App State Faculty Senate to hold “no confidence” vote on chancellor as pandemic opening concerns mount

Next week the Faculty Senate at Appalachian State University will consider resolutions expressing “no confidence” in Chancellor Sheri Everts and holding the school administration and UNC Board of Governors responsible for COVID-19 related illnesses and deaths as a result of their decision to re-open the campus.

A draft of the resolutions expresses the frustration of faculty who feel the Boone campus, already one of the hardest hit by COVID-19 infections, should not be opening for in-person instruction:

“WHEREAS, it is expected of the university Chancellor that they be competent, transparent, concerned with the wellbeing of students, staff, faculty, and community, and committed to the university’s academic mission; and

WHEREAS, many faculty have reported the Chancellor of Appalachian State University has, over the past three years, repeatedly failed to live up to these expectations; and WHEREAS, the faculty has attempted repeatedly to protect the core academic mission, expressing concerns to the administration formally through regular and extra Faculty Senate meetings, a petition with over 400 signatures, and multiple Senate Resolutions; and

WHEREAS, multiple Faculty Senate meetings in 2019 and an Ad Hoc Committee on Faculty Salaries have established that Chancellor has neglected faculty and the academic mission in their budget allocations; and

WHEREAS, the Chancellor’s administrative priorities have already led to a problem of low faculty morale, disengagement, and the loss of talented faculty members and, now, to the prospect of loss of life; and

WHEREAS, numerous faculty members have questioned the Chancellor’s plans for a return to campus in Fall 2020 given the rise in COVID-19 cases in North Carolina and anticipated infection and death rates; and

WHEREAS, the faculty, a group of dedicated scholars concerned with the well-being of the students and the institution, have moved from a concern about people’s livelihoods and the institution’s reputation to, now, a concern for people’s lives;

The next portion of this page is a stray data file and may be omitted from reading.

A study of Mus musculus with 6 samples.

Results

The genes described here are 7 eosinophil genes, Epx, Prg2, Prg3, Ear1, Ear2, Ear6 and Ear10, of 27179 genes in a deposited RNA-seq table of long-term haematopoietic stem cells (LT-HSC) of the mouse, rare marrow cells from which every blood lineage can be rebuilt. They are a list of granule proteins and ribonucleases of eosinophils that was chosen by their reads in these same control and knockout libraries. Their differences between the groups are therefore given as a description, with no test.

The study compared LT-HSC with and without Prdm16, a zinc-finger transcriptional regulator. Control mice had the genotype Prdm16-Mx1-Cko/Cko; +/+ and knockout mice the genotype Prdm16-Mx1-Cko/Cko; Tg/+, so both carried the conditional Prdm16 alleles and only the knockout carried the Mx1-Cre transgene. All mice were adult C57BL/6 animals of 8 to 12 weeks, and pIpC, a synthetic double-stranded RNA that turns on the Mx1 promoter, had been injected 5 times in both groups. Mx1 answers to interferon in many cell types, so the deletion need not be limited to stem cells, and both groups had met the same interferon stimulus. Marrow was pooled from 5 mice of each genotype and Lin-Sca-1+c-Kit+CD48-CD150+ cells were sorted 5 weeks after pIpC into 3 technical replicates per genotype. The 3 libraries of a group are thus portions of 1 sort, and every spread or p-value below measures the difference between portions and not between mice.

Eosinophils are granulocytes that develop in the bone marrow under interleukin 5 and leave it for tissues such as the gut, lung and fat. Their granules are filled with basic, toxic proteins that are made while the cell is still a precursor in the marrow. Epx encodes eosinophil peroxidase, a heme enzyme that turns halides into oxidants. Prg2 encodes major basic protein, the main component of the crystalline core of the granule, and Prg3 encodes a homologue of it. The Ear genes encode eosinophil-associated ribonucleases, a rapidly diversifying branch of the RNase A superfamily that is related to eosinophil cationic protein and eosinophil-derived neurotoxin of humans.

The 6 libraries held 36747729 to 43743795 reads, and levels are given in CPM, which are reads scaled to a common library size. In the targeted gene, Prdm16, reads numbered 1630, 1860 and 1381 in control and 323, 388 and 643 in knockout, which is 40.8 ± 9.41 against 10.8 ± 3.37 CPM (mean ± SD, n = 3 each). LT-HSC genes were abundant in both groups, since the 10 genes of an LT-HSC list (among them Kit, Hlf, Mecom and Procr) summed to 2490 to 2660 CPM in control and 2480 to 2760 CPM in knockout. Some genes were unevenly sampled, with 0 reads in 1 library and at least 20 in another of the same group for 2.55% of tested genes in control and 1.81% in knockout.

THEREFORE, be it resolved that the Faculty Senate expresses a sentiment of no confidence in Chancellor Sheri Evert’s leadership.”

A second resolution mentions the UNC Board of Governors, who with UNC System President Peter Hans has the final authority in choosing to close a campus due to concerns over COVID-19 infections:

Be it resolved that the Faculty Senate of Appalachian State University hold the Board of Governors and Chancellor Sheri Everts responsible for any illness and death resulting from COVID-19 as a result of reopening campus in spite of clear warning signs available to all and over the objections of the faculty.

Read the draft resolutions in their entirety here.

According to ASU statistics, the campus has 32 active COVID-19 cases — 22 student and 10 employees — as of Thursday, August 13.

Cumulatively, the campus has seen 128 positive cases — 70 students, 41 subcontractors and 17 employees.

Many UNC System schools are not publicly reporting the number of subcontractors who have tested positive on their campuses.

The first day of classes at ASU is August 17.

At East Carolina University the numbers are even worse.

Police there reported shutting down 20 parties the first weekend students returned, including one with 400 people.

The school reported 28 new student infections and two new employee infections the week of August 2- August 8. Because COVID-19 has been shown take up to 14 days to show symptoms, those numbers likely do not reflect the period in which most students returned to campus. Classes there began Monday, August 10.